Statue hearing2
From left, attorney Kyle King, representing the Sons of Confederate Veterans, speaks to Judge John Ott as plaintiff Tiffany Humphries listens during a July 2020 hearing in Newton County Superior Court. - photo by Tom Spigolon

COVINGTON, Ga. — An attorney representing one of the groups seeking to halt a historic statue's removal from the Covington Square said his clients appreciate "the rule of law" determining the fate of the monument.

Kyle King, representing local and state Sons of Confederate Veterans camps, said Newton County Superior Court Judge John Ott "made it clear" at a July hearing and in orders he gave to keep the statue in place on the Covington Square "that he appreciates the gravity of the legal issues involved and is committed to ensuring that all interested parties get the full benefit of a fair process."

"We appreciate — as we believe all citizens should — Judge Ott’s conscientious insistence upon making certain that all sides will be heard and that the rule of law will determine the ultimate outcome," King said.

However, sources with the Covington Police and Newton County Sheriff's Office said there was no truth to rumors that a crane was in place late Monday night to remove the Confederate memorial statue from its location in the middle of the Covington Square since 1906. 

The Newton County Board of Commissioners voted on July 14 to remove the monument despite county resident Tiffany Humphries' legal filings the day before that sought an injunction against the board's action. The Confederate Veterans groups joined Humphries in the effort soon after the board's vote.

Ott then held a hearing in late July on the two groups' injunction request and told the county he did not want the statue removed until after all appeals had been exhausted in the case.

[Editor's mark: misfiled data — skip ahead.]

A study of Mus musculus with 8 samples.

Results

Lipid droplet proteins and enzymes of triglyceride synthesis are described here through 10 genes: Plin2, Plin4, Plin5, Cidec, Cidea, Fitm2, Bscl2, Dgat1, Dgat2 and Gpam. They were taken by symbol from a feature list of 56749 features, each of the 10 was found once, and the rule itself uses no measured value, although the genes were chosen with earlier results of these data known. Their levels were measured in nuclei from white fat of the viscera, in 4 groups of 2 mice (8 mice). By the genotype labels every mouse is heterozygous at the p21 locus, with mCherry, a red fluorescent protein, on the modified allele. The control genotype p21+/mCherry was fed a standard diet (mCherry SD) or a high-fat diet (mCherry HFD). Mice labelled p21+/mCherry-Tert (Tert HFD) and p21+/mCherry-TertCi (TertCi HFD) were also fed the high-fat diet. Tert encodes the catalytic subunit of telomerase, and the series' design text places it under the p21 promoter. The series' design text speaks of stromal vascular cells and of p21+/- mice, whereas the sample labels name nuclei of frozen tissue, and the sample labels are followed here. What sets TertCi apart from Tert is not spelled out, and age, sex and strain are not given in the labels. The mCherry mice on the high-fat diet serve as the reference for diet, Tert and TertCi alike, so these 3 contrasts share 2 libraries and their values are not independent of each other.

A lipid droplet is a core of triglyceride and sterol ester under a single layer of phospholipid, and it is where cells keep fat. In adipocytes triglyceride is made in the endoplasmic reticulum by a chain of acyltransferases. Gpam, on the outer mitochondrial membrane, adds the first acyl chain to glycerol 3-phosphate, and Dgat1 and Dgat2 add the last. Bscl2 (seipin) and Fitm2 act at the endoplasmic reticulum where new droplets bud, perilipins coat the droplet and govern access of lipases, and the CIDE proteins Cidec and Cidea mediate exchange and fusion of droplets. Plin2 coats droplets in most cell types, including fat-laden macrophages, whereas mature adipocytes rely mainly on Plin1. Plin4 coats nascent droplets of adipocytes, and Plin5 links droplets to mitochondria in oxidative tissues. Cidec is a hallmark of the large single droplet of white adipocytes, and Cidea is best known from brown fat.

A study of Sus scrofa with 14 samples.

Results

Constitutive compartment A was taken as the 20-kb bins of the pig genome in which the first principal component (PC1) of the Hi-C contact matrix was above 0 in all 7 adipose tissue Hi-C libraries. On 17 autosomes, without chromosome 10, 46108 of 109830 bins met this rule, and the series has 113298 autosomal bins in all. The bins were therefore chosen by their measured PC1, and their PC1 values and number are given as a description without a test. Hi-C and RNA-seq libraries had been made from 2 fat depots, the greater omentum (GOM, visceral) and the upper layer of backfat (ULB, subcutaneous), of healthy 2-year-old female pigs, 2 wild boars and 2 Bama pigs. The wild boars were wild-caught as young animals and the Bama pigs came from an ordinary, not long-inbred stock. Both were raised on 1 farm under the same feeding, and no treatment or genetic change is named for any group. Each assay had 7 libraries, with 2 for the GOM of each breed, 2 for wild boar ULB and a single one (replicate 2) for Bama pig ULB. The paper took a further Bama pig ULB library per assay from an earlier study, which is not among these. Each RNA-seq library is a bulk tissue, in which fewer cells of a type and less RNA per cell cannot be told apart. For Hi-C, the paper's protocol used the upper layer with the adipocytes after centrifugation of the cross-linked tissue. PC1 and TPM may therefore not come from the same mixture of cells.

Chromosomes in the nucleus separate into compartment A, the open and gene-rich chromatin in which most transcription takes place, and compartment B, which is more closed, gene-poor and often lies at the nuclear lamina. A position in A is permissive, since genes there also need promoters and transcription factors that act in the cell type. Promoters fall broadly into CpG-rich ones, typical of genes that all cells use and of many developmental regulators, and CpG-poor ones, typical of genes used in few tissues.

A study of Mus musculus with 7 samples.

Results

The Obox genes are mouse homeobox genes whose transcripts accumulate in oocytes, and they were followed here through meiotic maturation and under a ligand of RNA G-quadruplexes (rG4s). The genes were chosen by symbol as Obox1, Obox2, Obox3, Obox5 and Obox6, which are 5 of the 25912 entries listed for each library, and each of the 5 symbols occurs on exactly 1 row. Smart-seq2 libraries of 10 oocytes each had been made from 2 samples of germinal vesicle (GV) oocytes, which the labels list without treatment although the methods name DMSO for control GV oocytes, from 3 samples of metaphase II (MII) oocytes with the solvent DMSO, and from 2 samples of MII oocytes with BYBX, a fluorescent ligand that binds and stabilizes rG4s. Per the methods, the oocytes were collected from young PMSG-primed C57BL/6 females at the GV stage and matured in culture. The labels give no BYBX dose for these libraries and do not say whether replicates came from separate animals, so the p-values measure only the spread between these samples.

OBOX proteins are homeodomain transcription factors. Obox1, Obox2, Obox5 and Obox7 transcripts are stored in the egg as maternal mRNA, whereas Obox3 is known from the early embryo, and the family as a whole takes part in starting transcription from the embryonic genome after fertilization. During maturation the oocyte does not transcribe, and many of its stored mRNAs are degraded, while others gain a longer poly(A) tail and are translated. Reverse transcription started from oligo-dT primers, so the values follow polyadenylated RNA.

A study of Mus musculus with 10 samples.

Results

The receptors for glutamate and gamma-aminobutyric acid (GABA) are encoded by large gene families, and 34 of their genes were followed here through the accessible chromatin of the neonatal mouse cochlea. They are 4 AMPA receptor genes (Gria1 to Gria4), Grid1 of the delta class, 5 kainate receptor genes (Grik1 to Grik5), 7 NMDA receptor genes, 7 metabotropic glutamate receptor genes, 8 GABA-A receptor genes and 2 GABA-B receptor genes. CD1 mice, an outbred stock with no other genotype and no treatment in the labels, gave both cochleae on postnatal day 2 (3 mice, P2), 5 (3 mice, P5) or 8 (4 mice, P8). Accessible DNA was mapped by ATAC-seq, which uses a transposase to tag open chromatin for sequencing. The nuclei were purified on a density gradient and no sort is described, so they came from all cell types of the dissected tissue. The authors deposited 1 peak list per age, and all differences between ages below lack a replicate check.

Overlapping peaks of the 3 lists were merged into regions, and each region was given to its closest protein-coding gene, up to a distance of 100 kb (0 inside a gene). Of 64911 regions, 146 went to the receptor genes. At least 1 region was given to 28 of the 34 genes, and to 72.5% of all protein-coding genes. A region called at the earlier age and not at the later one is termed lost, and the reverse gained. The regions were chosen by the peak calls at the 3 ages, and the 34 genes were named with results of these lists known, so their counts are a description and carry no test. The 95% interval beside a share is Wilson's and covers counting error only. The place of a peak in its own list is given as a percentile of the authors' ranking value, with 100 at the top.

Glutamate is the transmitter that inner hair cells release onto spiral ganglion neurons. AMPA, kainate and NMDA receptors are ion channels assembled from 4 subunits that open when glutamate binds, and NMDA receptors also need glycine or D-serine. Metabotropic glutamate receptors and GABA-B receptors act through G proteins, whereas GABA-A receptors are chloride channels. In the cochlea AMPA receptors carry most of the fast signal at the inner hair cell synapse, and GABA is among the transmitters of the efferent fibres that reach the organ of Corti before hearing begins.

On Sept. 14, Ott dismissed the complaints from Humphries and the Confederate Veterans groups in part because a county government cannot be sued for official actions it takes in Georgia — after which both indicated they would appeal Ott's ruling to the Georgia Court of Appeals.

However, County Chairman Marcello Banes said the county would move forward in the process of removing the statue and gave no indication it planned to wait for the appeal process to end. 

Ott said Tuesday an order he was issuing to temporarily bar removal of the statue should be "personally served" on Banes because of plans to remove the statue before the appeal process is exhausted.

"It has come to the Court's attention that despite the agreement of the parties in open court that the losing party would appeal the Court's decision, and the county would not remove the Confederate Monument until the appropriate Court had rendered a final decision, that the Commission Chairman is now seeking to remove the Confederate Monument while the case is on appeal," Ott wrote.

Ott wrote that the county agreed not to remove the statue during a Superior Court hearing on the complaints in late July.

"The Court has earlier, based upon the open court agreement by the County, made the agreement an Order that mandated the statue not be removed until further order of the Court," Ott wrote.

He said the order was issued "to cement what the Court has already ordered." However, Ott stopped short of issuing any other action against Banes.

Banes did not reply to a request for comment on Ott's order.